From hardbacks to multi-device, but the digital tsunami hasn’t hit yet
Federico Rampolla, Head of Innovation at Mondadori - Italy's biggest book and magazine publisher - shares his expert insights into innovation within a large company.
One of Europe’s leading publishing and media companies is Mondadori, a conglomerate with roots dating back to the early 1900s. The company has traditionally utilised the standard channels (print, books, journals, websites, radio) to disseminate content but is placing more importance of the creation of multi-device content, accessible both offline and online. The group itself states that 2013 was a turning point for the company, allocating more resources into digital R&D.
Federico Rampolla joined in April 2013 as Head of Innovation, and was assigned the mission of leading the digital innovation within Mondadori. One key focus of his is coordinating the company’s several functions with the aim of creating growth in their overall digital presence. This involves a range of tasks such as structuring processes and promoting innovation to identifying new opportunities for business development.
“We live in a world that is moving very quickly, and the lifespan of a company is becoming shorter than before. Innovation now has to be in the backbone of every company, for them to be able to adapt to the ever-changing environment”, Federico says.
New business models have re-shaped multiple industries already, with Uber, AirBnB and JustPark as a few commonly used examples. Start-ups come into the picture with an idea, which inevitably stirs up the market. As this happens, more and more companies realise that they have to innovate - or die (as the saying goes). Federico comments, “To be honest, innovation in general can be misunderstood in a lot of companies”.
He continues, “Innovation can either be a key priority or be a natural feature within the organisation. However, from what I’ve seen most companies feel this is a forced focus resulting in misconstrued products rushed into market”.
Federico is keen to emphasize that with innovation comes knowledge and it’s the learning process that should be valued. He further explains that his role involves leading the company through the transformation of embedding innovation in all divisions. A job more difficult than it seems.
However, Federico is of the firm belief that innovation is a management issue first and foremost, as he describes innovation to be a central cost investment.
“In my opinion innovation flows top-down, it’s a matter of the management team as at the end of the day someone has to pay for the R&D. In an organisational context it’s a matter of costs and processes. Being agile as a start-up is a wishful dream, and reality is always complex”.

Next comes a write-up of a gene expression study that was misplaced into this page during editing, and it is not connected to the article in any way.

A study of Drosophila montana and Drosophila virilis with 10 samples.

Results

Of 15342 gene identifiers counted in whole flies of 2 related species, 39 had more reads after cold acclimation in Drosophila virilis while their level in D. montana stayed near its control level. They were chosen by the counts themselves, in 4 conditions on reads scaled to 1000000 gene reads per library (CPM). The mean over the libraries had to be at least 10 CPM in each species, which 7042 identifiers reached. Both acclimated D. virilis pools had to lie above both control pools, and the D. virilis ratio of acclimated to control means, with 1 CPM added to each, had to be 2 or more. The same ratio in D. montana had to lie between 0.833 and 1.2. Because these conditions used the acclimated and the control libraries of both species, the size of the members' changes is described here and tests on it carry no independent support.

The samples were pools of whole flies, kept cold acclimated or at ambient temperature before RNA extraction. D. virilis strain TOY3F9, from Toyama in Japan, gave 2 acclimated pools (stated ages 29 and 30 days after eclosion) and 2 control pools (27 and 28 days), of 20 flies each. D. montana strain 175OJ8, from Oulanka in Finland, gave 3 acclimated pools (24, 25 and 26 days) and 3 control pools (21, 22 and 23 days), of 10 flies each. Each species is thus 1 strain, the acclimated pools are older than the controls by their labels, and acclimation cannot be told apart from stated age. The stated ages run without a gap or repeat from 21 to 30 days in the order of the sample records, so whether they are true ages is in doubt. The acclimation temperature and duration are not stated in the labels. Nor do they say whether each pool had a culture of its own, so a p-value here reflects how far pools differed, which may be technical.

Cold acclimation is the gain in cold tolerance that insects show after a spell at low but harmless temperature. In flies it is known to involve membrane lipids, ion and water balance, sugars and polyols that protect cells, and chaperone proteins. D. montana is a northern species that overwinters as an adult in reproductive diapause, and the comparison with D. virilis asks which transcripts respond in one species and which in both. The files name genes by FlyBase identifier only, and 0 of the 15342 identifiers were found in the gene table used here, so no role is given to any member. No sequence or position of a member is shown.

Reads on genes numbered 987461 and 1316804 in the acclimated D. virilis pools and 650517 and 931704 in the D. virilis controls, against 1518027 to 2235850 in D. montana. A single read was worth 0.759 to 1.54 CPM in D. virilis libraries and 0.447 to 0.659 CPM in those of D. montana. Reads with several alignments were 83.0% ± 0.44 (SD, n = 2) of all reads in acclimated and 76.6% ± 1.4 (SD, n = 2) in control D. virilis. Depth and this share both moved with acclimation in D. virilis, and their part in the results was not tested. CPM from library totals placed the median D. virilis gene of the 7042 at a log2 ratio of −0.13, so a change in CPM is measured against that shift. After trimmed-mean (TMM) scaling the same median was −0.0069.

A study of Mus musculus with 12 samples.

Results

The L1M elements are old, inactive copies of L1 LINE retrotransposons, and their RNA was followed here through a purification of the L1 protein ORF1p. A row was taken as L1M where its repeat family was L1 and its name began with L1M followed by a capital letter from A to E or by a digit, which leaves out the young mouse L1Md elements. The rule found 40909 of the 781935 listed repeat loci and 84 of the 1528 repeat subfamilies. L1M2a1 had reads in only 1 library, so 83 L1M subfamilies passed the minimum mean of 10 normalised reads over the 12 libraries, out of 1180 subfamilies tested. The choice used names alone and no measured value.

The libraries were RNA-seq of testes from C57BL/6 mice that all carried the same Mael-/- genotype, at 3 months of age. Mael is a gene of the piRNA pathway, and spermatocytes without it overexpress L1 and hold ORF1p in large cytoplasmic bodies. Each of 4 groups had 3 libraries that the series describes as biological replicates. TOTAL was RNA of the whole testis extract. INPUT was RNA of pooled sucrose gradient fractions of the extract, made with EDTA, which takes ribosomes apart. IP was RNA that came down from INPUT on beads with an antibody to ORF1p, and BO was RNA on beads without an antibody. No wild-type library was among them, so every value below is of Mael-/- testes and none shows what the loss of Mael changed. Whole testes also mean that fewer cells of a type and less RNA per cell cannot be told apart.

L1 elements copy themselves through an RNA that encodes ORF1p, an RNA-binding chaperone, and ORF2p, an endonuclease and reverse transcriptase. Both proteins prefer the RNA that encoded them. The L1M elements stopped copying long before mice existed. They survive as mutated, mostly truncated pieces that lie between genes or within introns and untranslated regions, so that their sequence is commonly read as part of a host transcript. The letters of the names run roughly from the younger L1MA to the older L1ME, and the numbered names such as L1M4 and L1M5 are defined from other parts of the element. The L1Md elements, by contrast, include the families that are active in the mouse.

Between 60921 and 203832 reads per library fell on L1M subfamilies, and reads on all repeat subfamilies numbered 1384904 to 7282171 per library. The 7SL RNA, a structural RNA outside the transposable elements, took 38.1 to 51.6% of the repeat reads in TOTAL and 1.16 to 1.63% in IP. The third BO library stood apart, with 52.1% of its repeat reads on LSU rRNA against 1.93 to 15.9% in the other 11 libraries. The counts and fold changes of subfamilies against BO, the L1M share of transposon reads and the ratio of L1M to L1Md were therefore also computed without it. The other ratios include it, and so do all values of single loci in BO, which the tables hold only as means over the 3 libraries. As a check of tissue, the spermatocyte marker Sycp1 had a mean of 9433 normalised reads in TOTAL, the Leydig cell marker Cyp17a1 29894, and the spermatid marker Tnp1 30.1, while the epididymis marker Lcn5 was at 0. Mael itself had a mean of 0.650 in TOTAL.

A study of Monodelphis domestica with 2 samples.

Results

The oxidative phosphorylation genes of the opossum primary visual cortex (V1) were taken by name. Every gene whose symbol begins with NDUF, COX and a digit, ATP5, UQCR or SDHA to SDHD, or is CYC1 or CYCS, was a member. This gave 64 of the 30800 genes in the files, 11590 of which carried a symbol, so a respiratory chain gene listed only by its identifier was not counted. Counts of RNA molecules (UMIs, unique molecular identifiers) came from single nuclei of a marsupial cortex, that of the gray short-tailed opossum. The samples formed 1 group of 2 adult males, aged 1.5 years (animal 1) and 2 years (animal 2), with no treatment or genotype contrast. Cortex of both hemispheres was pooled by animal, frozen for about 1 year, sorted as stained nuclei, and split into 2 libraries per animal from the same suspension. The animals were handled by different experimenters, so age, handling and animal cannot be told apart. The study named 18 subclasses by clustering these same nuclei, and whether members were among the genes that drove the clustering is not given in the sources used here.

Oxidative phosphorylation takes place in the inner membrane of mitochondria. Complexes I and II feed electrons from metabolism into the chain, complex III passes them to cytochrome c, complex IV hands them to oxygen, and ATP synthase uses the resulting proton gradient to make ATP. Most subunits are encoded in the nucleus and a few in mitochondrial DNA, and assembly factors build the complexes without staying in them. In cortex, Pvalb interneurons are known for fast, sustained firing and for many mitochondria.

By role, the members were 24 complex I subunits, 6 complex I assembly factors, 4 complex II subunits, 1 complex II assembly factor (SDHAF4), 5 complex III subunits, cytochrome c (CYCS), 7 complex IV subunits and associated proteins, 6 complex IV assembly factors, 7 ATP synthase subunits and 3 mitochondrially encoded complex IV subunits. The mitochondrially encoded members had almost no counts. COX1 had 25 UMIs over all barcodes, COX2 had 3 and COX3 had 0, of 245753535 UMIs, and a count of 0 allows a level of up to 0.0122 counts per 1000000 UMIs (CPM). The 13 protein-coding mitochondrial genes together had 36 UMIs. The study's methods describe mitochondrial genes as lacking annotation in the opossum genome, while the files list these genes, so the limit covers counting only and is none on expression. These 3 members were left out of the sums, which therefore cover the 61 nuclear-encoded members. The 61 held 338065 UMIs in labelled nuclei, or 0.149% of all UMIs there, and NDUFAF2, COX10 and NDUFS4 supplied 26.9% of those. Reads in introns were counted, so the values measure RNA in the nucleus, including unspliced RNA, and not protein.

He admits that he previously believed that innovation comes from the grassroots of the organisation, but acknowledged that especially within a company with legacy – the ideas will vanish along their way up towards the top. So having a management team who recognises the importance of innovation, and actively works to incorporate it throughout the company is crucial.
“As a bigger company it’s important to safeguard yourself, and I believe the best way to do so is by coordinating our teams and integrate innovation throughout the organisation. In the next ten years society will change completely from what it is now. So the quicker the plaster is on, the safer are the revenue streams which enables for the company to join the digital evolution and embrace new technologies such as big data and programmatic”.
As society is getting more interconnected, with the up-rise of machine-to-machine technologies, Federico is anticipating that the biggest changes are yet to come. “The digital tsunami hasn’t hit yet”, he says.
He continues, “Just look at the start-ups in Artificial Intelligence creating algorithms more efficient and accurate than today’s doctors”.
Start-ups will continue to disrupt our business models and cut the fixed costs, in new innovative ways. With several unicorns proving that it’s possible to scale without having any physical assets, more will come and slowly turn society into a more collaborative space. So, how will the larger publishing companies survive?
Federico believes it’s quality that will make the difference. “Know your consumers, build close relationships and communicate to find out what they might want. Deliver what you need to deliver.”
Maybe it’s this understanding that has helped the publishing and media industries to stay on their feet throughout multiple attempts to be shaken over.